When you are a new believer and you read Jesus' words, "Ask and it will be given; seek and you will find; knock and the door will be open to you," it sounds like magic. Ask for what I want? Answers given whenever I seek? Closed doors opening? This …
You wait for your husband to change. And you wait. And wait. The turmoil in your heart about why a good person suffers doesn't go away. Your Dad's number never shows up on your phone. Then you are left with deep unease. Did Jesus not keep his promise? Did you not have enough faith? Did Jesus lie?
Bible scholars and preachers handle Jesus' promise in two ways. First, they try to explain Jesus' words are not what they seem to be. They try to limit the scope of the promise or draw in other Scripture that seems to teach us to limit our asking. The outcome of this teaching is timid prayer, anemic prayer, prayer that doesn't move a grain of sand, much less a mountain.
The second way preachers explain Jesus' words is to claim this as a faith promise. We are to ask, seek and knock, and God will give. Preachers thunder, "You have not, because you ask not!" Then they get in their Mercedes and go home. If God is not giving you the sweet life, it is because you don't ask, or you don't ask in faith. The outcome of this teaching is foolish asking and foolish thinking. "Name it and claim it" turns God into a heavenly Amazon Prime, delivering blessings to our door.
What did Jesus mean?
When my daughter Sarah was two, she asked me to go by Sonic and get some ice cream. I told her "no." She asked again. I said "no" again. She paused, thought and then said, "Daddy, Jesus wants you to get me some ice cream."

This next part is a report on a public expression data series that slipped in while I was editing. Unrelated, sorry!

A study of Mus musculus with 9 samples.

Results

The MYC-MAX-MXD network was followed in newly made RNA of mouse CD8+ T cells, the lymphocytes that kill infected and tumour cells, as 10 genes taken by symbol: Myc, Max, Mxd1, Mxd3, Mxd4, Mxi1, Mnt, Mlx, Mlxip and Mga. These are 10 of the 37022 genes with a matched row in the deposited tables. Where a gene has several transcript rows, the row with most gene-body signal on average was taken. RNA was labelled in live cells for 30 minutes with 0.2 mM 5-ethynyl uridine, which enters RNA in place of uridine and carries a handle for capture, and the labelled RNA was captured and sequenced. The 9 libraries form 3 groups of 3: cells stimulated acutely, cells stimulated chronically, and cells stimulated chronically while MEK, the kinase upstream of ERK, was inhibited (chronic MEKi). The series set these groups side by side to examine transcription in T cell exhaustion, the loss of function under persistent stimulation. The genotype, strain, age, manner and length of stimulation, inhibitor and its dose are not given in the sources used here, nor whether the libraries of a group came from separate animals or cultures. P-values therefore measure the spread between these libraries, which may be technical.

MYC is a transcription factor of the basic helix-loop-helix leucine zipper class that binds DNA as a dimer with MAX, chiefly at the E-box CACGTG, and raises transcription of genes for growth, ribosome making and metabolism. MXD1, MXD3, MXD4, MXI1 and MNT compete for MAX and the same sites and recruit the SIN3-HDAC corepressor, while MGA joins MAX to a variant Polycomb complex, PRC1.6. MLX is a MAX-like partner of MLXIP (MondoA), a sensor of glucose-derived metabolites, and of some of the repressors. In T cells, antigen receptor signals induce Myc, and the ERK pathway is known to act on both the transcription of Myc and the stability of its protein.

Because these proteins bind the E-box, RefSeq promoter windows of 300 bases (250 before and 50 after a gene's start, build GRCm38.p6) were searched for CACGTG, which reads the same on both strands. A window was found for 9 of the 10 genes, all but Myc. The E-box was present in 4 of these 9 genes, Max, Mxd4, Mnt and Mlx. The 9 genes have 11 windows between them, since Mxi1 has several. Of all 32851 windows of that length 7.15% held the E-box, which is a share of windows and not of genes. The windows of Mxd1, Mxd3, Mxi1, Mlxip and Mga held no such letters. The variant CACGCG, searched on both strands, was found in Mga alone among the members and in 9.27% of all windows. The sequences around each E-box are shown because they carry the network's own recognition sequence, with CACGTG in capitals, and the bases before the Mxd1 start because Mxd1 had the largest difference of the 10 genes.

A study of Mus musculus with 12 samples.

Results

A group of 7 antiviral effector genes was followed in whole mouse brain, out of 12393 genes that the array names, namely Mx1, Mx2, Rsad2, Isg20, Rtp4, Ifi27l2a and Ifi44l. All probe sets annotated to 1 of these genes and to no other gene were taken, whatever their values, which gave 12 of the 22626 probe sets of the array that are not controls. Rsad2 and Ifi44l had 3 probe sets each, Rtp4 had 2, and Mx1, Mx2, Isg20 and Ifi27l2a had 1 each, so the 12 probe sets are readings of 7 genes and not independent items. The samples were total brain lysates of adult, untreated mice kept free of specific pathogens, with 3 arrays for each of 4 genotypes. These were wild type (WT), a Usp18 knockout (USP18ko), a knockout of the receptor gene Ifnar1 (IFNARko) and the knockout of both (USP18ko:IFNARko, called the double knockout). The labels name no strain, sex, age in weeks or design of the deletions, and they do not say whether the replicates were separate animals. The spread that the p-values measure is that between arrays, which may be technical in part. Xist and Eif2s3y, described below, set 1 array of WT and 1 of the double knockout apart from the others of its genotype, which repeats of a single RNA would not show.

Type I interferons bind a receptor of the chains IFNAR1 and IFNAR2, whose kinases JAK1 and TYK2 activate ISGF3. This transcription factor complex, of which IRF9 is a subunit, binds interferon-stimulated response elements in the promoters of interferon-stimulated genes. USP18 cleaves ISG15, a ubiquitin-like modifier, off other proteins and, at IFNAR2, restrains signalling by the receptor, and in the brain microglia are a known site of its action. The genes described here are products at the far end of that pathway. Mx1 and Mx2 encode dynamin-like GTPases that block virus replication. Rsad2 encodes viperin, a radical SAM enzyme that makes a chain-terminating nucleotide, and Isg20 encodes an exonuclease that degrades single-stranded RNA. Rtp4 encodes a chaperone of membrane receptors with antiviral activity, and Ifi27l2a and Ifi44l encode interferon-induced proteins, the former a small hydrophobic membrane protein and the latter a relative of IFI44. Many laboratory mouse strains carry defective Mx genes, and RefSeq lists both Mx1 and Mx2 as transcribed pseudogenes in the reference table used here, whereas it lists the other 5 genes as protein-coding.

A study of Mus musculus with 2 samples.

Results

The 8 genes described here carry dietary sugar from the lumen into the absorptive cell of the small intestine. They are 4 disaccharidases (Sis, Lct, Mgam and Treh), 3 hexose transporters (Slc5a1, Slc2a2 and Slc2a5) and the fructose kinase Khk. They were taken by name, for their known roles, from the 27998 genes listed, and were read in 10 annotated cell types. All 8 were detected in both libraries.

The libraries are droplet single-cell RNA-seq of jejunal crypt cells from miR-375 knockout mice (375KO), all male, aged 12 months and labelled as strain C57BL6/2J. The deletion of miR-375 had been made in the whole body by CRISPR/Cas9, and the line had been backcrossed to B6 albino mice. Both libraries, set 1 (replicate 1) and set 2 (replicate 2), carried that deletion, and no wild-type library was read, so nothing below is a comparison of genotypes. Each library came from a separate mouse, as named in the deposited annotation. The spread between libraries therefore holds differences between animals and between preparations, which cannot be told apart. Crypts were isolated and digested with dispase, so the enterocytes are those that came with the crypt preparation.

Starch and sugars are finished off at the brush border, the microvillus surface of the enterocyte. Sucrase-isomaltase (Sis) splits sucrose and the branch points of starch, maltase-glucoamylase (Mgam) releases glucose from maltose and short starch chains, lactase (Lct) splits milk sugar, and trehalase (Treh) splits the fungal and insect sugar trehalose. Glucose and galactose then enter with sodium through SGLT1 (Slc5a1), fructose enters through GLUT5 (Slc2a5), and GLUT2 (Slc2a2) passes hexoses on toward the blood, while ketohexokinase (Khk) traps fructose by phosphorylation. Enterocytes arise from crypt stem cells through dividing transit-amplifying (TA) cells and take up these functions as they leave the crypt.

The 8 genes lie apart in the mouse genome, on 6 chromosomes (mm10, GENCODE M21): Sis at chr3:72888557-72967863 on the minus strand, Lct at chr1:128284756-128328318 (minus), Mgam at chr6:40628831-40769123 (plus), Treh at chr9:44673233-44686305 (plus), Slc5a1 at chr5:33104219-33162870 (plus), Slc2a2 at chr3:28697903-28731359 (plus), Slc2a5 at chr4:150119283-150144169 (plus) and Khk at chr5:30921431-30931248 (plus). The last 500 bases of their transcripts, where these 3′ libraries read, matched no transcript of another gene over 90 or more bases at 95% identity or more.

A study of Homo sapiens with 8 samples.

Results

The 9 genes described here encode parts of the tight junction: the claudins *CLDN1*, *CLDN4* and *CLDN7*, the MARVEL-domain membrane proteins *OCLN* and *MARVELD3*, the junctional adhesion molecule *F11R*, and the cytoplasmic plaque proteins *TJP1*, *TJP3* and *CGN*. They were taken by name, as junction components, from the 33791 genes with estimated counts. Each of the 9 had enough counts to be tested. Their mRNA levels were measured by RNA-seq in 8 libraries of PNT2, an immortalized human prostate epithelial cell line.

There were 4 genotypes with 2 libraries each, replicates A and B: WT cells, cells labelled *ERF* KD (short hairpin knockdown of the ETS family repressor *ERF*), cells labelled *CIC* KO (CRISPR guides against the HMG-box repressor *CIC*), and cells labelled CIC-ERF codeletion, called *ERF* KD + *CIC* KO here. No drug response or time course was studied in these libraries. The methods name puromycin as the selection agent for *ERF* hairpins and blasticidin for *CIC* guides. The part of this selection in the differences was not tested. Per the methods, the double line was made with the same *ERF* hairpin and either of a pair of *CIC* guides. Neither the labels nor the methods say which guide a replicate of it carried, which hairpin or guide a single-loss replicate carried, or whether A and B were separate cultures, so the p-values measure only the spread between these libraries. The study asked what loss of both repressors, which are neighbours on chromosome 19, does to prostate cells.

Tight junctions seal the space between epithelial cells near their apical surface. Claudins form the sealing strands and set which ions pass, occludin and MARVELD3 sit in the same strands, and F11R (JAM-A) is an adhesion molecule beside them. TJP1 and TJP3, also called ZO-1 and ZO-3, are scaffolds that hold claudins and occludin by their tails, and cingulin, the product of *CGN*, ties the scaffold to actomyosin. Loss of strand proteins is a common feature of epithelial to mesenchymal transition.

I wonder where she learned that?
Sarah did not get ice cream that day. I wasn't being cruel. I was being wise. She needed a nap, and the sugar in the ice cream would wind her up for hours. When I told Sarah "no," she thought I was the cruelest Dad in the world.
I've told this story before as an example of our heavenly Father knowing our needs better than we know our own. That's still true. It's only recently, however, that I realize how much Sarah trusted me. She knew her father loved her (and loves her still). Even at two, she knew I was the source of good gifts. So when she wanted ice cream, she asked her father. She trusted me enough to ask.
I think this is what Jesus is teaching us. Trust your Heavenly Father to ask, seek and knock. Trust him with raw desires of your heart. Don't try to edit your prayer to make it perfect or acceptable.
But remember asking is the first step of prayer. It starts a conversation. Asking means listening for God to speak back to you and tell you that you don't need ice cream; you need a nap. It means trusting him enough to lie and take the nap.
Ask boldly. Trust boldly. Trust your heavenly Father enough to ask.
Now, I need to decide if I need ice cream or a nap.
Clay Smith is the lead pastor of Alice Drive Baptist Church in Sumter.